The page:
Belfast Telegraph

HS2 Ltd vows to 'tighten up' procurement process after conflict of interest row

HS2 Ltd has pledged to "tighten" the way it awards contracts following a row over alleged conflicts of interest.

Engineering firm CH2M withdrew from a major deal involving the high speed rail project last month amid concern about its close links with HS2 Ltd.

Losing bidder Mace had threatened to sue HS2 Ltd over the issue.

HS2 Ltd chairman Sir David Higgins told MPs that the procurement process for the £55.7 billion railway will now be more intrusive.

Giving evidence to the Commons' Transport Select Committee, he said: "We do intend to tighten it up following this exercise."

He went on: "In future we'll say 'you need to disclose to us who you intend to use on your tendering', so it will give us more of a chance to be able to scrutinise this ourselves."

Sir David claimed the publicity over the row means "there wouldn't be a contractor or an engineering firm in the UK now that won't be very focused on the issue".

He said HS2 Ltd became aware of the possible conflict of interest after a whistleblower informed Mace that former HS2 chief of staff Christopher Reynolds - who had taken a role with CH2M - did four days of work with CH2M's bid team for a £170 million contract to develop Phase 2b running from Crewe to Manchester, and Birmingham to Leeds.

"Christopher Reynolds should not have been involved in the bid," Sir David told the MPs.

Mark Thurston, HS2's new chief executive, is a former CH2M employee, as was his temporary predecessor Roy Hill.

A total of 25 HS2 staff have previously worked for CH2M, while 37 of the engineering company's employees are on secondment to HS2.

Transport Secretary Chris Grayling told the hearing that HS2 Ltd made "appropriate inquiries" after being alerted to the possible conflict of interest.

"To be frank, they (CH2M) took a decision to step back from the contract before we took a decision that this compromised their position and they couldn't go any further with it," he said.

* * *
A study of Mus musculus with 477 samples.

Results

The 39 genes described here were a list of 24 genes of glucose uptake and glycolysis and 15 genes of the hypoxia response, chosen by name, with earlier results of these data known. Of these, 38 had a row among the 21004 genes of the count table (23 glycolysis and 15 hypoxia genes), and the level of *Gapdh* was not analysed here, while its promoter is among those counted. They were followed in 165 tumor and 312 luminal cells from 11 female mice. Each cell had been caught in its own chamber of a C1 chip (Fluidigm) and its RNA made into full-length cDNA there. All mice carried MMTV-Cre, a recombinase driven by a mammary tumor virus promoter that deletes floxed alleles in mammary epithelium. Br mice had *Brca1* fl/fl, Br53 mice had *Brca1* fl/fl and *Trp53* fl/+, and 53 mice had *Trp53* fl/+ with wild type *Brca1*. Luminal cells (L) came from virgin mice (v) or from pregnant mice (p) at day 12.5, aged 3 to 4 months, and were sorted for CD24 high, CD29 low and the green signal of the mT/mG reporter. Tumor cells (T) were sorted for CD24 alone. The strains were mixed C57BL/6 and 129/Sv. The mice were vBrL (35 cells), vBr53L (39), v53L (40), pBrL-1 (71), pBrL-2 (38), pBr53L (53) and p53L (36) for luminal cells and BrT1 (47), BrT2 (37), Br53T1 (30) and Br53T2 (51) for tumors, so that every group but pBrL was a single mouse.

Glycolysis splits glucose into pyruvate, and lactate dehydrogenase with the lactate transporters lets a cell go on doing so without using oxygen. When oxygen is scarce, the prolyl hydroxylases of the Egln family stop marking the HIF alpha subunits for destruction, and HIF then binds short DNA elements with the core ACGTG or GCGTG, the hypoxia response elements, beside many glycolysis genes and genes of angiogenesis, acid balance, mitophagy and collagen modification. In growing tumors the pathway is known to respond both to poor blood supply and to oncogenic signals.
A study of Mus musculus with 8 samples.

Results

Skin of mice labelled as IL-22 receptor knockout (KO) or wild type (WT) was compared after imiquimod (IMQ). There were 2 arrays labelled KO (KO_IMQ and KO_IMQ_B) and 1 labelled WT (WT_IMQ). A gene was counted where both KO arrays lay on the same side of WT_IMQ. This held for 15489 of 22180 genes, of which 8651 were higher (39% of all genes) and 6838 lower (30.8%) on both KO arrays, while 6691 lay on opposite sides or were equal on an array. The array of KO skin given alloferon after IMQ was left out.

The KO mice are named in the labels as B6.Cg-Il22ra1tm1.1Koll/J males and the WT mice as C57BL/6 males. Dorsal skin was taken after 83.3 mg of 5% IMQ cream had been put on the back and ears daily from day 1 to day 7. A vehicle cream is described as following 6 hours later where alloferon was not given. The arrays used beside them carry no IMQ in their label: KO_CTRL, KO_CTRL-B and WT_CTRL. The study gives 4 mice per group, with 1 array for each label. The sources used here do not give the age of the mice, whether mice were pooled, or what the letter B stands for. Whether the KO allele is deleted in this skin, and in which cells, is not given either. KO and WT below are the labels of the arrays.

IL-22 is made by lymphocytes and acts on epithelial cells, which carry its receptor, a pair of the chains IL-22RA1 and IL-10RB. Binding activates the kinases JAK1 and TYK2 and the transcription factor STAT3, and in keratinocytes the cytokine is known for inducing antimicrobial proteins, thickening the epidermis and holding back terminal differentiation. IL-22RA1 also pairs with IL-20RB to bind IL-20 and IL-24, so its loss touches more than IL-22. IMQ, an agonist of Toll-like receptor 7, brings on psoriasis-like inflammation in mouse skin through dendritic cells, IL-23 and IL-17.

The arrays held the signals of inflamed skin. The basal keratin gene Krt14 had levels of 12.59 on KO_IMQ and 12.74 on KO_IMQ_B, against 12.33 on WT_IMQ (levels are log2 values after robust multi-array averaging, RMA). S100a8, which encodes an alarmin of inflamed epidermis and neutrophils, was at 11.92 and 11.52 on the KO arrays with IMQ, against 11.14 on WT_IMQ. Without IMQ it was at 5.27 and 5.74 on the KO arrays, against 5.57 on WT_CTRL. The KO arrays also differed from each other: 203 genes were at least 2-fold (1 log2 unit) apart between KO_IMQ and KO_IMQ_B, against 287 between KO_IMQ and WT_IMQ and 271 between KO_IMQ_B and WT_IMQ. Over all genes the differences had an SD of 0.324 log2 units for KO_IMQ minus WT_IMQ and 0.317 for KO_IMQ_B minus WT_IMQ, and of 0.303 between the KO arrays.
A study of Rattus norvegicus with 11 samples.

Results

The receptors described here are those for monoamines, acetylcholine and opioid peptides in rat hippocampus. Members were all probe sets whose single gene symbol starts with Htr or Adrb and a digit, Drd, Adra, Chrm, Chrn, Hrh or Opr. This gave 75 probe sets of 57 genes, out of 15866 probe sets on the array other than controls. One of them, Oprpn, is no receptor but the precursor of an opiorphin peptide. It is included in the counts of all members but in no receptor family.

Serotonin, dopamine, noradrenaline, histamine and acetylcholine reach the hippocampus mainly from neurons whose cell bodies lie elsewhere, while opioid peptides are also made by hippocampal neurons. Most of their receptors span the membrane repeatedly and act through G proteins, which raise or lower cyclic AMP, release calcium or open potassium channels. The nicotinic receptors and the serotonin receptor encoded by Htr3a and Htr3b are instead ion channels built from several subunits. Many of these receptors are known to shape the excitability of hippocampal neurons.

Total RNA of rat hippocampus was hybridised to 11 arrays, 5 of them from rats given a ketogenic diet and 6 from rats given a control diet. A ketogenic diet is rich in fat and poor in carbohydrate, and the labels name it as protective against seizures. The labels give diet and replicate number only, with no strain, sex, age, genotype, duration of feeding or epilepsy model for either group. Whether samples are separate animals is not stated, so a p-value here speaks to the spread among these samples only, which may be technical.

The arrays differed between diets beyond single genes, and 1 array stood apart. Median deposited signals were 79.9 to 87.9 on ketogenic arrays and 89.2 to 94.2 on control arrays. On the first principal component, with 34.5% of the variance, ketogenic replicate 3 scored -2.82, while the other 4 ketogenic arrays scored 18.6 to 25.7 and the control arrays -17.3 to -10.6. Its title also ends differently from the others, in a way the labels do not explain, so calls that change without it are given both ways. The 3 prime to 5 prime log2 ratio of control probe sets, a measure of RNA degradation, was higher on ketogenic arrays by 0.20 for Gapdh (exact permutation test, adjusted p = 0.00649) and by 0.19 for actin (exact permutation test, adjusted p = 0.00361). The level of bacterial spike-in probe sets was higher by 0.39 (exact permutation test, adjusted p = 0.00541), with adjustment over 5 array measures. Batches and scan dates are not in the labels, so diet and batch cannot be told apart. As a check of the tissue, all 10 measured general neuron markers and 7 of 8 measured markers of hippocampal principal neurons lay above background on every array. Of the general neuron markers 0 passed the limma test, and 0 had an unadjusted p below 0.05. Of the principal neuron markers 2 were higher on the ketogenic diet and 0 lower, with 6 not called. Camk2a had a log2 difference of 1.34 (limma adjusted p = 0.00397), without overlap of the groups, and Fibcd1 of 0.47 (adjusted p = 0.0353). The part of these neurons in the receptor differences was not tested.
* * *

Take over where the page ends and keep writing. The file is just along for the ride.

Asked if the controversy would delay the opening on P hase 2b, which is due in 2033, Mr Grayling replied: "I don't think it will. This is a matter of weeks rather than months.

"Stage 2b is a long project. I don't think this needs to impact on the time frame.

"I think we've moved quickly. If we'd discovered this in six months' time it might have been a different question."

Mace called for the bidding process to be re-run, but on Tuesday HS2 Ltd announced its intention to award the contract to Bechtel, which was deemed to have submitted the second strongest entry behind CH2M.

Sir David said it would take up to a year to repeat the competition.

Mr Grayling issued a plea for engineering firms not to "use the courts gratuitously".

The Transport Secretary went on: "If you have a legitimate grievance, come to us and we'll address it as we have in this case. But please do not use the court system without good grounds because ultimately that does no favours to any of us."

Phase 1 of HS2 between London and Birmingham is scheduled to open in December 2026, with a second Y-shaped phase launching in two stages.

Phase 2a from the West Midlands to Crewe will open in 2027, followed by Phase 2b.

Legislation for Phase 1 passed its final hurdle in Parliament in January and construction work is set to begin in the coming weeks.